What research requires ethical review?

Human research is research conducted with or about people or on their data or tissue. Human research is directed at understanding and improving health and wellbeing and its treatment across the population. Quality Assurance and Continuous Quality Improvement activities, while generally considered as low risk, may also constitute research and so be bound by the requirements of the National Health and Medical Research Council (NHMRC) National Statement on Ethical Conduct in Human Research.

In accordance with the National Statement on Ethical Conduct in Human Research (2007), human research that involves the following methodologies generally requires ethics approval by a properly constituted Human Research Ethics Committee.

  • Conducting surveys, interviews or focus groups.
  • Performing psychological, physiological or medical testing or treatment.
  • Observational studies.
  • Accessing personal documents or other materials of research participants.
  • The collection and use of body organs, tissues or fluids (for example skin, blood, urine, saliva, hair, bones, tumour and other biopsy specimens) or their exhaled breath.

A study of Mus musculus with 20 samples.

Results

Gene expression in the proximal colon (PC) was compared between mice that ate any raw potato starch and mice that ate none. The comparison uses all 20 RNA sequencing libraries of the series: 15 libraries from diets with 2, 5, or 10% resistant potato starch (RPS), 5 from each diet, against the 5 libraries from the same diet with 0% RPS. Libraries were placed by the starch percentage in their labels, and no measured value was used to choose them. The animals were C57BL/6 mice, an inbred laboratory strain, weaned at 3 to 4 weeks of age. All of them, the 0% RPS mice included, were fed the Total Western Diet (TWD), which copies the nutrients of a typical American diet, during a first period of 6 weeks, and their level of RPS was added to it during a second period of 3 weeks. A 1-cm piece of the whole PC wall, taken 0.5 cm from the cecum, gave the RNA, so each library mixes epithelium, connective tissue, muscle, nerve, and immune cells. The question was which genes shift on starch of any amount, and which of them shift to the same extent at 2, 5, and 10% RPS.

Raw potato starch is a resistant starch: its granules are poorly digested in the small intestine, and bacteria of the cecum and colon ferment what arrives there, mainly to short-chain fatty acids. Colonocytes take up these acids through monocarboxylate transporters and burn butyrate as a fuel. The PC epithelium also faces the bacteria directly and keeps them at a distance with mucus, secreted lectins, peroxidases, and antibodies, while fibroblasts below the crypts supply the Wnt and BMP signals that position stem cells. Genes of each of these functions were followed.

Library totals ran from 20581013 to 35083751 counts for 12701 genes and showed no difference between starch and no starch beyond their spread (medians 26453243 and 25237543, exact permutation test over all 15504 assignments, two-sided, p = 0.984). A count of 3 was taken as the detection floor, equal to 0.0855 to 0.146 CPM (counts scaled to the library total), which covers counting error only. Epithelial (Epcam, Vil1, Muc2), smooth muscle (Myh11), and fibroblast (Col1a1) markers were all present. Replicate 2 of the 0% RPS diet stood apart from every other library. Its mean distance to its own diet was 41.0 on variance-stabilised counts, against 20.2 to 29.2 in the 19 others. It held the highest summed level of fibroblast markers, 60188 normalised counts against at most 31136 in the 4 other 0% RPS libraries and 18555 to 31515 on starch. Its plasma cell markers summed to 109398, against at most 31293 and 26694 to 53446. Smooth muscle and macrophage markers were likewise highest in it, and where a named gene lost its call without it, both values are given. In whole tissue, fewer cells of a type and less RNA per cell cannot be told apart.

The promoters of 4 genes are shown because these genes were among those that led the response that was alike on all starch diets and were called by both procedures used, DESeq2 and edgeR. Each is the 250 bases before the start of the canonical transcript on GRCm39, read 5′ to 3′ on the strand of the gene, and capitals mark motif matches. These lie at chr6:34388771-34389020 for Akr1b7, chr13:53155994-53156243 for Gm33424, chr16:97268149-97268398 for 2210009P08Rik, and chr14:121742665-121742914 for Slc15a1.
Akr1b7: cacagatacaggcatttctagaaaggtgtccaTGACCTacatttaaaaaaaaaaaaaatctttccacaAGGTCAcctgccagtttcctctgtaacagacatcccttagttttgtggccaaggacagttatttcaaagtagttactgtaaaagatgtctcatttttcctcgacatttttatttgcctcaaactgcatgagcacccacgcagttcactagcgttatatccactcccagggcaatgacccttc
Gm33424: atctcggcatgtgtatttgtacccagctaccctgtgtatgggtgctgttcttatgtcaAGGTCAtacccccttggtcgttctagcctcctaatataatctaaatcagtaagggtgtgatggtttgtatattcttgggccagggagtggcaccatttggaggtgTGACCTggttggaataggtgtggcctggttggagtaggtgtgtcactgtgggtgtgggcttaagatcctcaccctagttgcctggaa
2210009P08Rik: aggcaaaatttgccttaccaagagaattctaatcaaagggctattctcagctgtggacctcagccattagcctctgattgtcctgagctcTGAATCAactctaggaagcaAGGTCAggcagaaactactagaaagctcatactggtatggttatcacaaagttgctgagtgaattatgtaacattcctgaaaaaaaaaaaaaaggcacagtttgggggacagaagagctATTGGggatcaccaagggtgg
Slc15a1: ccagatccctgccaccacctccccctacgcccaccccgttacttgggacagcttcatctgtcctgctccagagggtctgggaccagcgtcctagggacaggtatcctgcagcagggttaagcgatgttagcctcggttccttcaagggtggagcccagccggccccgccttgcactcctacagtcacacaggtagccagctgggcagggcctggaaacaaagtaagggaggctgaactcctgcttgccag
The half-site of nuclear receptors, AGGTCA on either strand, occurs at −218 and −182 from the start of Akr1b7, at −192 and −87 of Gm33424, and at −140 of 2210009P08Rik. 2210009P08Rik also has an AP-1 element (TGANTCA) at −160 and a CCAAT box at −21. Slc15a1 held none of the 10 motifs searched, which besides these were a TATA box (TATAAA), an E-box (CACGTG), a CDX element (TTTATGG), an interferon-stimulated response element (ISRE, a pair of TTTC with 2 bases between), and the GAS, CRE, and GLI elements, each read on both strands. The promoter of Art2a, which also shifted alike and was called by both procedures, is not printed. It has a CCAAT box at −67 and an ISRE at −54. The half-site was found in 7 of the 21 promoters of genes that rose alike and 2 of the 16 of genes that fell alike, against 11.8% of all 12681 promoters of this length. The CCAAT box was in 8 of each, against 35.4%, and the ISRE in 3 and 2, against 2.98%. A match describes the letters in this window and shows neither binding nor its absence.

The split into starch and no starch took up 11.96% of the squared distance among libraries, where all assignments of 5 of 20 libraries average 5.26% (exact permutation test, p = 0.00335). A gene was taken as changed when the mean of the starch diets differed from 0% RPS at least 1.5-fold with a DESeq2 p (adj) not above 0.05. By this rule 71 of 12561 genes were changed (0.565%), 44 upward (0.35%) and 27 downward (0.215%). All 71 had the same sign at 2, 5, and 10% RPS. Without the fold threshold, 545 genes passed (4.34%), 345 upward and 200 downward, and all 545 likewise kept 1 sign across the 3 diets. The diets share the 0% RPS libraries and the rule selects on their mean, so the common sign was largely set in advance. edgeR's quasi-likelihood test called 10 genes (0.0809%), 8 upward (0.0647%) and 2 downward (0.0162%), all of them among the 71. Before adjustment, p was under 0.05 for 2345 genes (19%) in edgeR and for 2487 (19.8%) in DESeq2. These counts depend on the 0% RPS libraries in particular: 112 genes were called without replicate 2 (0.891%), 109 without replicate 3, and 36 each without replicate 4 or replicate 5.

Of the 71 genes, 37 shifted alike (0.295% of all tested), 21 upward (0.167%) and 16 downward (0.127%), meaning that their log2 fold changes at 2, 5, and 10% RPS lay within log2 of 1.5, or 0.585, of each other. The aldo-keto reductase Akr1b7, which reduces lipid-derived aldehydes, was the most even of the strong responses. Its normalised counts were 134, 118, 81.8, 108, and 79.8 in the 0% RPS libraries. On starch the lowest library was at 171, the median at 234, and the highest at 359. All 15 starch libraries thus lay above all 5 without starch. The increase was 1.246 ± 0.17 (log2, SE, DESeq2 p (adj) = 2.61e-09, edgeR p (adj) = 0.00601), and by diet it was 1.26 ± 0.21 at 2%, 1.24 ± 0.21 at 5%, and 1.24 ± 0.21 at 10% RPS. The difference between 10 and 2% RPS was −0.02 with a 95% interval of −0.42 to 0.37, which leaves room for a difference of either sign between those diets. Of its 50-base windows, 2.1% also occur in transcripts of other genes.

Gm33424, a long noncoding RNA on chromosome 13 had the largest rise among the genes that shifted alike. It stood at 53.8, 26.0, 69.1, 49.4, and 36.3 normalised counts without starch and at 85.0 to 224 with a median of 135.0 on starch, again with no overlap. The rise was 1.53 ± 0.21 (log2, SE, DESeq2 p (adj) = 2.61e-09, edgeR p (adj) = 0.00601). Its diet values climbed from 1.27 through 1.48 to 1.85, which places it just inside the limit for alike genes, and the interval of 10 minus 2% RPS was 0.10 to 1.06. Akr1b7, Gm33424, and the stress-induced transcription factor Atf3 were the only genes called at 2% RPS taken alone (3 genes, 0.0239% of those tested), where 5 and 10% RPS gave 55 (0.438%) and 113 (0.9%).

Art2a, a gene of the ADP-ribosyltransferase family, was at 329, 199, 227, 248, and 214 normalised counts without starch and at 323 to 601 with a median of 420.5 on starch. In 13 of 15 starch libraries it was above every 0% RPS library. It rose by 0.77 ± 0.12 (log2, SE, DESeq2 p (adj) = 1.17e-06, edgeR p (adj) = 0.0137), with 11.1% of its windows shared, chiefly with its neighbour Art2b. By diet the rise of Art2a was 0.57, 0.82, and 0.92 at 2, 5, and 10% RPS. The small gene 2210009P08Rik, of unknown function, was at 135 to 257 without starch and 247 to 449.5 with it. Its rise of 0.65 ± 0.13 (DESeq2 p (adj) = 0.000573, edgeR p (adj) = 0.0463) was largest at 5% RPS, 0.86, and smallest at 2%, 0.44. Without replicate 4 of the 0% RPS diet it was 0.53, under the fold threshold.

• Accessing personal information (in individually identifiable, re-identifiable or non-identifiable form) as part of an existing published or unpublished source or database.

The National Statement also provides further guidance regarding specific ethical considerations relevant to different categories of research.

If you are unsure of whether your project requires ethical review please contact the relevant Executive Officer associated with the Human Research Ethics Committee (HREC) at the institution where you plan to undertake your research.